The ballot questions on Bay Staters’ ballots this cycle are somewhat unlike those of previous years.  They are technical, complex, but also critical.  They could decide how healthcare is delivered, but these questions could also come to define whether Massachusetts has truly evolved into an accepting place or if the ghosts of our intolerance still haunt us.

In that vein we endorse all of the ballot questions, albeit with varying urgency and reasons.

We’re with them. (via Twitter/@patientsafetyma)

QUESTION 1: Nurses Staffing

We must begin with a caveat. While this blog has no problem government regulations in the abstract, there are problem when they become too minute and invasive. On their face, the intricate staffing rules proposed in Question 1 may appear to be such a proposal that is too technical both for the government to do and for the broad-based policy questions that fit referenda best.

However, to assess Question 1 like this would be irresponsible.  The proposal must be seen in context. It comes amid a spat of hospital system mergers and increased corporatization of healthcare. Although most healthcare systems like Bay State or Partners are nominally nonprofit, they are huge moneymaking ventures. Government policy to suppress the costs of healthcare has accelerated this process, but it began long ago.

Therefore, we must look with a jaundiced eye at the claims put forward by the “No” side of Question 1. The claims are brilliant from a tactical standpoint, but often misleading. Scare tactics about the implementation start and emergency room wait times omit reality.

Contra TV ads, wait times are down in California, which has a similar law.  January 1 is merely the enactment date of the law. Sanctions for noncompliance are much, much further down the road.

Moreover, we do not believe that this legislation shall be enacted in its current form. Although this is a comprehensive legal regime, all ballot questions are, in fact, policy statements. In that sense, the statement is better staffing at hospitals. The legislature, which has acted on this issue before, will undoubtedly craft a revision to implement the underlying values the proponents demand while tighten loose ends that could be problematic. It did this with other large, complex ballot questions. Were this not the case, the commonwealth would be kicking back and smoking a bowl right now.

This blog supports the notion of improving staffing levels and combating the growing commercialization of medicine at the expense of patient care. Vote YES on 1.

QUESTION 2: Combating Citizens United

The US Supreme Court got us into this mess. We support the question, but it’s hard to see the way around them. (WMassP&I)

This question presents another complicated process, albeit with an indeterminate end.  In essence, it calls for a process to investigate ways to reverse Citizens United, the Supreme Court decision that unleashed the latest torrent of money we see in our politics.

Unfortunately, the issue of money in politics goes well beyond Citizens United. Indeed, Buckley v. Valeo may need to go, too. Moreover, no solution to it can come from Massachusetts. The Commonwealth cannot even impose rules on federal candidates here and regulators tread carefully where Massachusetts laws overlap with federal law.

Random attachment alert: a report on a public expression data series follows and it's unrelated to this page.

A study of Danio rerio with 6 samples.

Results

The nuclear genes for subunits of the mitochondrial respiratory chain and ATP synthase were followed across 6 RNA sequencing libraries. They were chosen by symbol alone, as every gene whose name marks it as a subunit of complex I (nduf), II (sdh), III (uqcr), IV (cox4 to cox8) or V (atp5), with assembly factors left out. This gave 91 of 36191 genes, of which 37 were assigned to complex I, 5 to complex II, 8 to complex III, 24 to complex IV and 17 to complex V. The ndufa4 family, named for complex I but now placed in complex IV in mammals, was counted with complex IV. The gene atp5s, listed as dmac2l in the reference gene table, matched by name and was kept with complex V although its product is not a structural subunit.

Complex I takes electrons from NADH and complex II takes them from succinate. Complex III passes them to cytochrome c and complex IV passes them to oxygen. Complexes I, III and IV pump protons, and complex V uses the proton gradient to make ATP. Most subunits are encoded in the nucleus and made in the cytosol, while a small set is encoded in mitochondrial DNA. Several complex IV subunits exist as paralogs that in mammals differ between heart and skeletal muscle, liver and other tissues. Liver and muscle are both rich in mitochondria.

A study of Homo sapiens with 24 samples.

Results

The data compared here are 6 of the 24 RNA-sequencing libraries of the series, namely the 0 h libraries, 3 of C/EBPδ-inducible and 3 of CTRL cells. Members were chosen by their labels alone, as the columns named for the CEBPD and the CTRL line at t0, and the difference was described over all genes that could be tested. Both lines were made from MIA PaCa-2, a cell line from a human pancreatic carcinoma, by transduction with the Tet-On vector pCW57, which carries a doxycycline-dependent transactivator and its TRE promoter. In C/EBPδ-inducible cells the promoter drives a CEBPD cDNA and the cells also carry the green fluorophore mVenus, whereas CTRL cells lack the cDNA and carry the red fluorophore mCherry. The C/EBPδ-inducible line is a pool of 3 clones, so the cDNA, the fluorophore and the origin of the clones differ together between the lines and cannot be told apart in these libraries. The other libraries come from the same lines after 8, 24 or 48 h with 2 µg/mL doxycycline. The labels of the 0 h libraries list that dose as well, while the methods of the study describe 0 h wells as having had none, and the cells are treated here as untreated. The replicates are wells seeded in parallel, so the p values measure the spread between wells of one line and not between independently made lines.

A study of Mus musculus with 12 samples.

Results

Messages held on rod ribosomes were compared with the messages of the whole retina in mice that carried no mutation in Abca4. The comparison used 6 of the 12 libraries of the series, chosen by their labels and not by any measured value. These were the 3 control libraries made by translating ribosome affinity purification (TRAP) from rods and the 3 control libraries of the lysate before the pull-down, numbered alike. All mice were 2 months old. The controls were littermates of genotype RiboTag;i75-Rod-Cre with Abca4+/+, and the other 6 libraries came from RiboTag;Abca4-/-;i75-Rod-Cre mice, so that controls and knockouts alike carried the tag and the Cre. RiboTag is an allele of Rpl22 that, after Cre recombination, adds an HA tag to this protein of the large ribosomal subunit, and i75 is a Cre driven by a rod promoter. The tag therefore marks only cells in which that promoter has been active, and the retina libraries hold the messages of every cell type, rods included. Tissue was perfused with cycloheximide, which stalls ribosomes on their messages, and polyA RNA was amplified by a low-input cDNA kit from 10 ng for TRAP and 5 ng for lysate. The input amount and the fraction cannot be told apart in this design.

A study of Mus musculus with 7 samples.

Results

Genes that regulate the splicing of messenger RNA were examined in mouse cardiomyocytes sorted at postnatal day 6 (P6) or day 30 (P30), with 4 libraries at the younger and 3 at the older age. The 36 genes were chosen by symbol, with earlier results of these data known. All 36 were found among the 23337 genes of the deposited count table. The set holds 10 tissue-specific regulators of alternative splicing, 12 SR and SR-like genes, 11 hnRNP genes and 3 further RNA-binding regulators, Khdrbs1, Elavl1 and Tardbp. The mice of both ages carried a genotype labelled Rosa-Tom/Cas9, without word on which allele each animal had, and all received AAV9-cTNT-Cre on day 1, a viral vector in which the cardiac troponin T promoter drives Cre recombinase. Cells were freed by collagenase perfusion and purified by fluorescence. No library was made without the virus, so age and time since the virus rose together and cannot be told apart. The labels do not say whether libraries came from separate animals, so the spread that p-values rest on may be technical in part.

If enacted, the question’s language creates a commission to investigate the role of money in politics and then propose amendments to the US Constitution. While this blog thinks the world of Massachusetts, it doesn’t run the country. We’re not sure where this will go.

That said, we urge a YES vote because Citizens United must go down and with it our gross laws about money in politics.

Question 3: Transgender Anti-Discrimination Protections

We can’t go back. (WMassP&I)

Of the three, this question is probably the most crucial.  A Yes vote will affirm the commonwealth’s commitment equality. In 2016, Massachusetts expanded its anti-discrimination laws to cover discrimination against transgender individuals in public accommodations. This would cover many areas of society including use of restaurants, patronage of stores, and membership in some institutions.

Opponents of the bills, who often wretchedly deride the legislation as a “bathroom bill,” invoke the specter of assaults in lavatories to justify opposition. These forces organized a citizens’ veto of the bill and hence the odd situation wherein voters must cast an affirmative “YES” vote to sustain the law.

The arguments in favor are clear. People must be able to access to the full spectrum of society without facing discrimination for who they are. Gender identity may be difficult to fully appreciate for the cisgender, but the science and research show it is no more a choice than being gay. Gender is not the same as sex and one’s full determination of the former is not grounds for discrimination.

While reasonable people may not understand what transgender is, opponents’ arguments against are caked in bigotry. They do not invoke transmen or transwomen refused service at a restaurant or before a municipal body. They invoke would-be criminals using the law as a shield to invade restrooms and assault people. It’s absurd and not unlike the argument gays and lesbians could not be teachers or that blacks and whites need to be segregated.

Although Massachusetts has become a socially accepting place, it is not universally such. The opposition is largely faceless lacking standout leaders who, in another time, may have been pied.

It is shameful that we have been compelled to vote on the civil rights of our friends, family and neighbors. But the question is before us and we must do what is right.

We shall not dwell on this any further. The vote for equality in our society is on the ballot. We heartily urge a YES vote on Question 3.